We are already watching the angst building up on the left as the Supreme Court reconsiders the matter of affirmative action in the college admissions process. The standard objections are showing up in the media, claiming that the conservative majority on the Supreme Court will somehow institutionalize racism in the United States all over again if schools judge all applicants on the same basis without regard for the color of their skin.
But it’s not just the usual suspects in the liberal mainstream media sounding the alarm. They were joined this week by Stacy Farina and K Amacker of Howard University. Speaking up for the scientific community, the authors published a piece in Scientific American explaining why “scientists must stand for affirmative action and against scientific racism.” Wait a minute here. Did you say “scientific racism?” What exactly is that supposed to mean? Since it sounds rather “sciencey,” I suppose we’d better figure this out.
The Court has repeatedly ruled in favor of affirmative action in higher education, but in this case, Students for Fair Admissions is asking them to overturn Grutter v. Bollinger, which has upheld race as part of the admissions process since 2003. If overruled, affirmative action in admissions would be at risk at colleges and universities across the country, especially primarily white institutions that have historically excluded people of many racial identities due to discrimination and educational injustices. Affirmative action remains necessary to provide legal protection to consider race in admissions as part of these institutions’ efforts to create a diverse student population.
Scientists play a crucial role in assuring equitable access to colleges and universities. Education is fundamentally an issue of human rights, and affirmative action in admissions is one tool in a larger strategy to address social injustices and shape the future of scientific research. Yet white supremacy, whether systemic or interpersonal, is still deeply ingrained in society, leading to financial and social disadvantages for nonwhite students. As scientists, we must fiercely defend affirmative action, if we wish for equity in science and in U.S. society.
Reading further into the article, the authors rail against the idea that we have reached a “post-racism state” where other factors can be blamed for unequal outcomes in educational opportunity. They go on to describe scientific racism as being related to “centuries-old myths such as that people with darker skin are biologically less intelligent.” Interestingly, they also put forward the theory that “humans do not have biological races,” something that is becoming increasingly true with every generation. But it also kind of shuts down their own argument against ending affirmative action, doesn’t it? If there are no races, how is anyone being discriminated against?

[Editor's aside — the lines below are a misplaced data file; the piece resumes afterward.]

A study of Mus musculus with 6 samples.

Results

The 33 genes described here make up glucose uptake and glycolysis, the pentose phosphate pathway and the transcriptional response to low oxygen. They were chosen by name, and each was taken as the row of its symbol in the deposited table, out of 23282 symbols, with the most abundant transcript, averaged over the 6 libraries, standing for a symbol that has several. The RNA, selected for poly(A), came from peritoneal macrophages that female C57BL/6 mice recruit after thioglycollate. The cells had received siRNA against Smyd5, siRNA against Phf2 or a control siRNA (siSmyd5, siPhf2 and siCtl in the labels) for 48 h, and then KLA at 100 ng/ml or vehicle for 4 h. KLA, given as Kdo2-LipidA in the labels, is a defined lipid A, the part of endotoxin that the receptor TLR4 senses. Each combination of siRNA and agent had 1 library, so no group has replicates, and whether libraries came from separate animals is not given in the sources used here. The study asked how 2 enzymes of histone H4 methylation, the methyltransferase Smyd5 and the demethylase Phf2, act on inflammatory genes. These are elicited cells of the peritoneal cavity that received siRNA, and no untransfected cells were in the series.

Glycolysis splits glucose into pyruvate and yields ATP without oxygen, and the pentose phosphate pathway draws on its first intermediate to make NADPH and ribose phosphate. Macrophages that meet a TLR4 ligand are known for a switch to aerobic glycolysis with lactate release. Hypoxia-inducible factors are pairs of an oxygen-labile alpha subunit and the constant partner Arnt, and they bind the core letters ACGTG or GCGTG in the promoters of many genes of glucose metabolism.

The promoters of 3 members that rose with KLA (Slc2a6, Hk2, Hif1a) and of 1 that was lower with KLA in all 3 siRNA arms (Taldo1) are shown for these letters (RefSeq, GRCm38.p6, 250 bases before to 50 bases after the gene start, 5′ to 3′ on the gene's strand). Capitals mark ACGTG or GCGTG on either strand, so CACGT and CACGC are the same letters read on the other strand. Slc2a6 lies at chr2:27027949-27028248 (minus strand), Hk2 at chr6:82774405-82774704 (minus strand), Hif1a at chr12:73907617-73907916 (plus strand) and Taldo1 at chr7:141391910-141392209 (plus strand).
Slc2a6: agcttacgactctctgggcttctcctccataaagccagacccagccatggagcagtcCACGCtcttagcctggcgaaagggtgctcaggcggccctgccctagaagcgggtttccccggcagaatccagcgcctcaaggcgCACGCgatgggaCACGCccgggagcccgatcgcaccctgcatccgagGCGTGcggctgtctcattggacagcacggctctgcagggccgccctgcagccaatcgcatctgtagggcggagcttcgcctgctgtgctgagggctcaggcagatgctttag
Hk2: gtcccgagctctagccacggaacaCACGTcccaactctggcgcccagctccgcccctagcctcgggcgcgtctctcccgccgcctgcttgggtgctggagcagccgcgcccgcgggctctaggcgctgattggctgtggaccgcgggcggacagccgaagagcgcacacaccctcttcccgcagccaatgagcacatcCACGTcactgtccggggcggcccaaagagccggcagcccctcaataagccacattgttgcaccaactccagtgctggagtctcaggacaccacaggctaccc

The idea that race is a determining factor in intelligence or potential has thankfully gone the way of the dodo bird for the most part. A lack of opportunity is a far greater driver in terms of eventual success. People from poorer communities with failing schools and higher crime rates have the deck stacked against them to a greater degree, no matter the color of their skin, though it’s also true that such conditions are encountered disproportionately in majority Black and Hispanic communities.
But even that isn’t enough to stop the most driven and inherently brilliant or talented among us. One of my favorite examples is Black astrophysicist Hakeem Oluseyi. This guy was born in the opposite of the lap of luxury, growing up in multiple poor communities and being exposed to crime, drug trafficking, and everything else you would imagine. And yet he went on to earn three degrees in physics and one in mathematics, becoming one of the more famous and accomplished people in his field. (He is also the author of the amazing book, A Quantum Life: My Unlikely Journey from the Street to the Stars. Pick it up if you get the chance.)
Then there are people who were born with the “right” shade of skin in amazingly powerful families who had everything going for them and still somehow managed to chart a path to the gutters, in some cases literally. (*Cough* Hunter Biden *Cough*) If 81-year-old versions of Oluseyi and the First Son showed up with an application to be admitted to your school, I would hope that the choice would be a glaringly easy one, and the guy on his way to a life filled with crack whores and brothels wouldn’t be taking the first slot.
The point is, we definitely do not live in a world or even a nation (the United States) where there is any form of equality of outcomes. But what we’re really striving for is equality of opportunity. And using these sorts of glossy assumptions and accusations of institutional racism, to say nothing of “scientific racism,” isn’t helping matters. In fact, a policy that intentionally rejects some students while accepting others based not on the content of their character (or their intellect or past academic performance) but on the color of their skin is the real racism. And many Asian-American students have sadly experienced that reality first-hand since they are somehow left out of all of these racial calculations.